Isn’t it exciting that you are never too old to learn something new? As the photo proves (more about that photo later!), I’ve been baking since I was six or seven. 

Charlotte Lepp (left) using her easy bake oven at the age of six.

But to use a modern quote, I was today years old when I learnt that using Anita’s Flour greatly improves the end result. In starting Lepp’s Bakehouse (2518 W Railway Street), our bakers experimented with different flours in their bread. Surprisingly, they discovered that the products made with Anita’s Flour rose higher and had a better “crumb” than the rest, and they’ve been using Anita’s exclusively ever since. 

So I put my own special family recipes to the test and achieved the same results. My New Year’s fritters were softer, my buns rose higher, and most importantly, my family reported this year’s paska (a traditional Easter bread) to be the fluffiest they’d ever enjoyed. If that comment doesn’t win you over, then nothing will. 

Naturally, I went to their website to crack the code of my fluffiest-ever paska. As written on their website, “Our process is traditional. Our grains come from Canadian farmers and are milled right here in Chilliwack, BC. By keeping temperatures low and taking our time, we keep the whole grain nutrition intact. Whole grain goes in, and whole grain nutrition comes out”. Their website does an excellent job explaining their careful choice of the best quality organic Canadian grains and their unique milling process. As is often the case, the benefit of supporting small-scale producers such as Anita’s is that the ingredients are chosen with care, and the end product is fresher when it arrives in your home. We know you’ll agree if you’ve tried our crusty Bakehouse sourdough loaves and delicious baked goods. 

Now, back to the photo. My older siblings were very good sports and would purchase my Easy-Bake Oven iced cakes for a whopping 25 cents each. But still, so many questions! Why is my step stool covered in tin foil? Why am I dressed in a rainbow of clashing colours? What happened to that vintage radio tucked in the corner? Why is my older sister sporting those amazing bubbles in her hair and standing so placidly beside me? After careful questioning, she informed me that she was definitely not my sous chef, and she was heading to her Grade 8 Christmas banquet and that there were even sparkles in amongst the bubbles. Aren’t vintage family photos fun and oh-so-humbling?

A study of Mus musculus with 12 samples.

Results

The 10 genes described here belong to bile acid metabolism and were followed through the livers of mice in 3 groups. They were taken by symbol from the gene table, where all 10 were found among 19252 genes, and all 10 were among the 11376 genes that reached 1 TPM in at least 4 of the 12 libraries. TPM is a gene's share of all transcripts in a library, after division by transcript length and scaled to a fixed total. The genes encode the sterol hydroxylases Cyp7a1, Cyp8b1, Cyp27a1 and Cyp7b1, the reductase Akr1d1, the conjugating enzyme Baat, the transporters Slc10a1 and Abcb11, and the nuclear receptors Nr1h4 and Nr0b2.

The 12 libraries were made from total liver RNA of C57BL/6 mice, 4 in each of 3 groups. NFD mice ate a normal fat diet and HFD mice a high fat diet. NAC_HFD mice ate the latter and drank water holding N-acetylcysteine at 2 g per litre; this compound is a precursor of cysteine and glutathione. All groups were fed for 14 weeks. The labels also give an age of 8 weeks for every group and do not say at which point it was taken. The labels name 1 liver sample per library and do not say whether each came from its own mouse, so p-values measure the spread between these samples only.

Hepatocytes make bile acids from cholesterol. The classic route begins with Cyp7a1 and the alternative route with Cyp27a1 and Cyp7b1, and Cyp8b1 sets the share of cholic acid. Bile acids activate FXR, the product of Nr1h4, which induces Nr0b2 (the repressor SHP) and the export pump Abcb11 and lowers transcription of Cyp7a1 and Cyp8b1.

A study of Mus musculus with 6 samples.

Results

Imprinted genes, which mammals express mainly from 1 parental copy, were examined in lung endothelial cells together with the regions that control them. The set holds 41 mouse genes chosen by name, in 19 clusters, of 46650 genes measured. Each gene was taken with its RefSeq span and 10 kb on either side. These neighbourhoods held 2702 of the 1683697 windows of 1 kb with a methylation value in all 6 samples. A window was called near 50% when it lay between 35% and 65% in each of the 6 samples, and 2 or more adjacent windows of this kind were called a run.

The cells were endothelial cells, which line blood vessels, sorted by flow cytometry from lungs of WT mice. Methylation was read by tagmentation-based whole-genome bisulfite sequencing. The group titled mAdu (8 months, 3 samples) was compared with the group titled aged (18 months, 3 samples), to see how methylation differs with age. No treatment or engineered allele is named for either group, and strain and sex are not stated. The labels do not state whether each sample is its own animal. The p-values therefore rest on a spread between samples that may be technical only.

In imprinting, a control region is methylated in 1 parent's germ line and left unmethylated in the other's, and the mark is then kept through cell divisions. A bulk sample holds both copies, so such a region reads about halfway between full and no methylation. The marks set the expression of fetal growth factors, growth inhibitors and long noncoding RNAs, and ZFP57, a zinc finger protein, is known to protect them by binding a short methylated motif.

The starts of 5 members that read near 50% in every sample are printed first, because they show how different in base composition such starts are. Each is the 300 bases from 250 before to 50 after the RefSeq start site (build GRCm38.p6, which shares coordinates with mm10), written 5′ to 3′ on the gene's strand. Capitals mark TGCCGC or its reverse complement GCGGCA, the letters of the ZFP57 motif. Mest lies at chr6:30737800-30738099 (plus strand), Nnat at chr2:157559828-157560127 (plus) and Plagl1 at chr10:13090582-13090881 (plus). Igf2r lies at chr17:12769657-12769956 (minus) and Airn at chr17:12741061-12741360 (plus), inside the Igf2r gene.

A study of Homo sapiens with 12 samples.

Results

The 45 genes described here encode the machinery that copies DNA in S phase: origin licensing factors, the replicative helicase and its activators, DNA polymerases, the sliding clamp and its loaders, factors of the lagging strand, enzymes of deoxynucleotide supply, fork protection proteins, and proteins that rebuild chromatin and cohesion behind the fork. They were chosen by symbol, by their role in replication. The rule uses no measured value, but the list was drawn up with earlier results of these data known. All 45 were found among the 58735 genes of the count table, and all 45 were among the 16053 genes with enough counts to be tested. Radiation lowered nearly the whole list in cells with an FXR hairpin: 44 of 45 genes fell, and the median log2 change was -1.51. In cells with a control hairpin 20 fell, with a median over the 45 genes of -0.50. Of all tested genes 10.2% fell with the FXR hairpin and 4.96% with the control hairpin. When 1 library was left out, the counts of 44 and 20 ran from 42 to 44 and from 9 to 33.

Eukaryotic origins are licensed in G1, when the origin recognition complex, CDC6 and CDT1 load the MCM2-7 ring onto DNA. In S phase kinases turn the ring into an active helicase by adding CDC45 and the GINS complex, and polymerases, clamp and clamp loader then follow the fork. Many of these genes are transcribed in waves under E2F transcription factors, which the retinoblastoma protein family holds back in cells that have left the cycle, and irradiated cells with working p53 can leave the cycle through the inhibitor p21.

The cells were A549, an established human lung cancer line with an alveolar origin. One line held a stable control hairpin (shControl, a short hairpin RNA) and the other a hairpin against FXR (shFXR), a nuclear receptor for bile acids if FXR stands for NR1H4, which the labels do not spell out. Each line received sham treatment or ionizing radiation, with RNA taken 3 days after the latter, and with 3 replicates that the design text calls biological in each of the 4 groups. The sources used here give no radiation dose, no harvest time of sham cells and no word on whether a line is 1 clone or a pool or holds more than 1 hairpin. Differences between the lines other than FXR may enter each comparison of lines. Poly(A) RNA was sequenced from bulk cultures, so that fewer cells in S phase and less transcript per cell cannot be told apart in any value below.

Whether you enjoy the Bakehouse’s delicious baked goods or purchase the flour for your own baking, we know you will also be converted by the difference using Anita’s Organic Mill’s flour makes. 

Now, onto some recipes to get you started.

In what I refer to as my “previous life” (pre-Lepp Farm Market), I regularly baked buns for my family. They weren’t healthy whole wheat buns but fluffy white buns perfect for slathering with jam or, my personal favourite, peanut butter and Roger’s Golden Syrup. But now, a recipe I thought was etched into my brain vanished from memory as I hadn’t made them in the last four years. A call to my long-time friend Jan was required.

Phantom Rhubarb Muffins, so named because they tend to disappear quickly, are the perfect way to open the season of cooking with local fruit. I realize that rhubarb is technically a vegetable, but since it’s generally used in sweet preparations, we’ll place it in the fruit category.

A perfect brunch always includes a sweet treat, and my mom’s Cinnamon Crumb Cake is ideal. It’s an old family recipe, and the simplicity of ingredients and one-bowl technique speaks to my mom’s personality.

This cake can be easily baked the day before the event, saran wrapped and iced, and assembled the following day. It has plenty of moisture from the pineapple and banana. It makes a wonderful birthday cake or dessert for Mother’s Day.

This beautiful Bon Apetit cake recipe caught my eye, the strips of rosy-red rhubarb a beautiful and easy embellishment. We know you will enjoy this lightly sweet and crunchy topping as much as our office team did, who devoured it with a flourish after we shot the photos.

When talk turned this spring to the imminent arrival of fresh local rhubarb, our Human Resources manager insisted I try her mom’s recipe, and I’m so glad she did! Research revealed that recipe variations appeared in the 1980s most popular cookbooks: Taste of Home, Betty Crocker, and Company’s Coming.

After one bite of these gooey summer strawberry crumb bars, you’ll understand why we’re so obsessed with them.

While we await the arrival of local strawberries, you can use our Lepp Grown frozen strawberries. Just be sure to thaw the berries and drain the liquid first!